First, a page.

The Science-Backed Benefits of Tarragon
People have documented the benefits of tarragon for hundreds of years.
This medicinal plant, whose scientific name is Artemisia dracunculus L, and it’s in the same family as sunflowers. Also, it’s famous for its interesting culinary uses. Specifically, it’s usually used to flavor dishes with fish, meat, asparagus, and other foods.
Some people call it mugwort, but it’s important not to confuse it with Artemisia vulgaris, as they are completely different. Tarragon is even used in the pharmaceutical and cosmetic industries for its interesting properties.
Do you want to learn more about it?
Nutritional properties of tarragon
Many of the benefits of tarragon are nutritional. Approximately two tablespoons of fresh raw tarragon have a mere 5 calories. In its ground version, it has around 14 calories, 1 gram of protein, less than 1 gram of fat, and 2.5 grams of carbohydrates.
Among other things, as compiled by the United States Department of Agriculture‘s food database, tarragon provides the following:
- Vitamins A and C: 4% of the recommended daily dose.
- Vitamin B6: 6% of the recommended daily dose.
- Folic acid: 3% of the recommended daily dose.
- Calcium: 54 mg.
- Iron: 1.5 mg.
- Magnesium: 16.5 mg.
- Phosphorus: 14.9 mg.
- Potassium: 143 mg.
- Additionally, it has small amounts of sodium, zinc, manganese, and selenium.
Tarragon is often used to prepare food and beverages. However, its extracts are also common in cosmetic and medicinal products. However, there is no solid evidence to support its use as a first-line treatment for illnesses.
Thus, it’s essential to keep in mind that, although science supports many of its uses, it shouldn’t replace the treatments prescribed by the doctor. In fact, before taking it, it’s best to talk to a professional just to be sure. What are its main uses? We’ll explain more below.
The benefits of tarragon: It helps regulate glucose levels
Scientific studies have determined that tarragon has positive effects on glucose control and the way the body uses insulin. In particular, research published through the journal Phytomedicine determined that tarragon extract can help reduce blood sugar concentrations by up to 20%.
Also, a randomized double-blind study published in the Journal of Medicinal Food found that 1,000 mg of tarragon before breakfast and dinner can help control total insulin secretion, which helps you balance blood sugar.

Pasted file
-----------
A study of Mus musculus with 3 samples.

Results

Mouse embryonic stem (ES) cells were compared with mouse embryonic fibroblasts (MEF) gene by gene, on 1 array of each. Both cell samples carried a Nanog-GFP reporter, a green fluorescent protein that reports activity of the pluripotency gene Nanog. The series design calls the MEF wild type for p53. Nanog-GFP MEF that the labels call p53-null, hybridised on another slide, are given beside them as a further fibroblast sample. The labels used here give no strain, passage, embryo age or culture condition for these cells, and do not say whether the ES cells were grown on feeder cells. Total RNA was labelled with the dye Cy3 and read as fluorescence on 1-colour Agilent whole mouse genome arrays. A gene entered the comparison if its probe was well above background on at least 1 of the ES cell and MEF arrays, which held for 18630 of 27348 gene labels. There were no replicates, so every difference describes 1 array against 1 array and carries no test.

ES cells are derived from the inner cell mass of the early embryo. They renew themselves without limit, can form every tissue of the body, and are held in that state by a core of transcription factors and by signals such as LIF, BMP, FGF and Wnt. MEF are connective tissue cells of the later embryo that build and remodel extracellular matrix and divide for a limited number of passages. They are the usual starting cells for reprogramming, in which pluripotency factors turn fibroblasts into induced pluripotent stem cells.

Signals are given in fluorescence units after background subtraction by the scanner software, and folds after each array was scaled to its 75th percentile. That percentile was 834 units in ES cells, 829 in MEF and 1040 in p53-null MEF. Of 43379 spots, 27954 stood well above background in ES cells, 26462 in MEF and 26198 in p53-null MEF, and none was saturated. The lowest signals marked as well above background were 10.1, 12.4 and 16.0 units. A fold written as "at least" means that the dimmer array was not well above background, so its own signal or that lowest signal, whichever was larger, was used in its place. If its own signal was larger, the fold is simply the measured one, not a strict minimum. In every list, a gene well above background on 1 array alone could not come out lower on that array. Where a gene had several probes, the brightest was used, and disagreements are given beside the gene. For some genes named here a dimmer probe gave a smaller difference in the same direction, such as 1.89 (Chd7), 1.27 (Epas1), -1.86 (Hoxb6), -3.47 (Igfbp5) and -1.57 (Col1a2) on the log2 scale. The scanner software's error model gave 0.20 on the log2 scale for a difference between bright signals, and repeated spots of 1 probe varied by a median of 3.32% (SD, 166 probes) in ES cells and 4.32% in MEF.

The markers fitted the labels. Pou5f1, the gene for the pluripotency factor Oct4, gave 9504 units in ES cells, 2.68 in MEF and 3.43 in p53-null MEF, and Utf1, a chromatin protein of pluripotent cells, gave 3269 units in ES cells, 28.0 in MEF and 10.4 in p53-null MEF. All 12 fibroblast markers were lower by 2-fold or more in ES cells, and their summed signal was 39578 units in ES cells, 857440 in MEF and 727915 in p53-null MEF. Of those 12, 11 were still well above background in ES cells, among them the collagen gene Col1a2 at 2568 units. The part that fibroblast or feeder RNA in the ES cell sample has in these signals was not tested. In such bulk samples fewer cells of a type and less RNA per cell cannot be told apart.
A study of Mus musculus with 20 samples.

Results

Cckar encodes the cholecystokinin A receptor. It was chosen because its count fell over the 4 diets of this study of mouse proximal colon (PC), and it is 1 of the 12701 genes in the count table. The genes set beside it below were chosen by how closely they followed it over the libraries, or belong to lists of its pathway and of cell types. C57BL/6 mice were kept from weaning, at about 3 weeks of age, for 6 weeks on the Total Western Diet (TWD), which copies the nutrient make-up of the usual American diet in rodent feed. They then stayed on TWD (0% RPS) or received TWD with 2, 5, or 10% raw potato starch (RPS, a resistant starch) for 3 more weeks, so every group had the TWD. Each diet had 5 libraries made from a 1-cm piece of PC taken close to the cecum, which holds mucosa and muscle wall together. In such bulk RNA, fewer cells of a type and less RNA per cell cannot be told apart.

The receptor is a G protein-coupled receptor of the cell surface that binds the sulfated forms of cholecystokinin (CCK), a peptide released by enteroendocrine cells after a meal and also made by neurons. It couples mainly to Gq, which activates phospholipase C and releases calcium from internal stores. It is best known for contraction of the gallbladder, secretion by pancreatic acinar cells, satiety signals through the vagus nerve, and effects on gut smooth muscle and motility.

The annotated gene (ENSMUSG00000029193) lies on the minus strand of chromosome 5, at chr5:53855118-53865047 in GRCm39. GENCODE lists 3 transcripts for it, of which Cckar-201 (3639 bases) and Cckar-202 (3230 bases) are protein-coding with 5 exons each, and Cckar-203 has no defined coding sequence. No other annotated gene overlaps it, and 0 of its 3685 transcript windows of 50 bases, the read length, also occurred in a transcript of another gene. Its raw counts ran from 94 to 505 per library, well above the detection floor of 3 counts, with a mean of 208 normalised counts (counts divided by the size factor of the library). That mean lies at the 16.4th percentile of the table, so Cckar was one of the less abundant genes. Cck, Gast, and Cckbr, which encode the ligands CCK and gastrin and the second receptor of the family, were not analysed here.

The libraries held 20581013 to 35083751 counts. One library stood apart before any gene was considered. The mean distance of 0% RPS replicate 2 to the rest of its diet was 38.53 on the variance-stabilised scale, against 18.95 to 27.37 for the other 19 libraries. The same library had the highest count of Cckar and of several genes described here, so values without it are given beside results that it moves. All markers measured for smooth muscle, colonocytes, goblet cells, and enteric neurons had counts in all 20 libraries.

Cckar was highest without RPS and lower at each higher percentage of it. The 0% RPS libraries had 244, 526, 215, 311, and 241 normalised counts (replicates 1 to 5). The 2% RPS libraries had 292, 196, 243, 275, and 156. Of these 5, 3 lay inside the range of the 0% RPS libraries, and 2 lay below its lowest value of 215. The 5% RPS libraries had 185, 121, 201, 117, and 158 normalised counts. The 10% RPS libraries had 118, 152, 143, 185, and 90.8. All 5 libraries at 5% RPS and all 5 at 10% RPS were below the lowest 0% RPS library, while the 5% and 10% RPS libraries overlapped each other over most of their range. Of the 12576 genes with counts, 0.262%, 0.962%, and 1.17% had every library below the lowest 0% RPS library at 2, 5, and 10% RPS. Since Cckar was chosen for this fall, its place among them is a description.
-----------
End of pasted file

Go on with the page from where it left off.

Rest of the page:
It helps improve sleep
Poor quality of sleep can cause health problems in the short, medium, and long term. During the rest period, the body carries out processes that are important for the whole body to function. However, many factors can affect it.
Fortunately, supplements like tarragon can improve it. According to a study published in The American Journal of Chinese Medicine, this plant appears to have a sedative effect that helps regulate sleep patterns. However, more evidence is needed.
The benefits of tarragon: It supports pain relief
One of the most prominent benefits of tarragon has to do with pain relief. Although it’s not a first-line treatment to calm this symptom, it does seem to help calm it temporarily. A study published in the medical journal Clinical Rheumatology suggests this.
According to this research, people who took 150 mg of tarragon per day had a significant improvement in pain from arthritis compared to those who took 300 mg per day and the placebo group. The researchers determined that the lower dose worked better because the body tolerated it better.
In another study published in Pharmaceutical Biology, they found similar results. Tarragon showed antinociceptive activity and positive effects against different painful conditions.
What other benefits of tarragon are there?
- The food industry uses tarragon essential oil to preserve food without needing synthetic chemicals. Regarding this, a study published in the Iranian Journal of Microbiology determined that this product can help fight bacteria like Staphylococcus aureus and Escherichia coli in foods like cheese.
- In patients with decreased appetite, tarragon extract can help. A study from 2011 found that this plant, combined with a high-fat diet, helps increase appetite by reducing levels of leptin, known as the satiety hormone.
- Preliminary studies detail that using Russian tarragon can positively affect athletic performance. However, more evidence is still required to corroborate this.
It’s safe, but you have to be careful
Most of the time, tarragon is safe and has no risk of side effects. However, the recommendation is to avoid using it too much or for too long. Also, don’t rule out possible drug interactions. Therefore, it’s always important to talk to your doctor.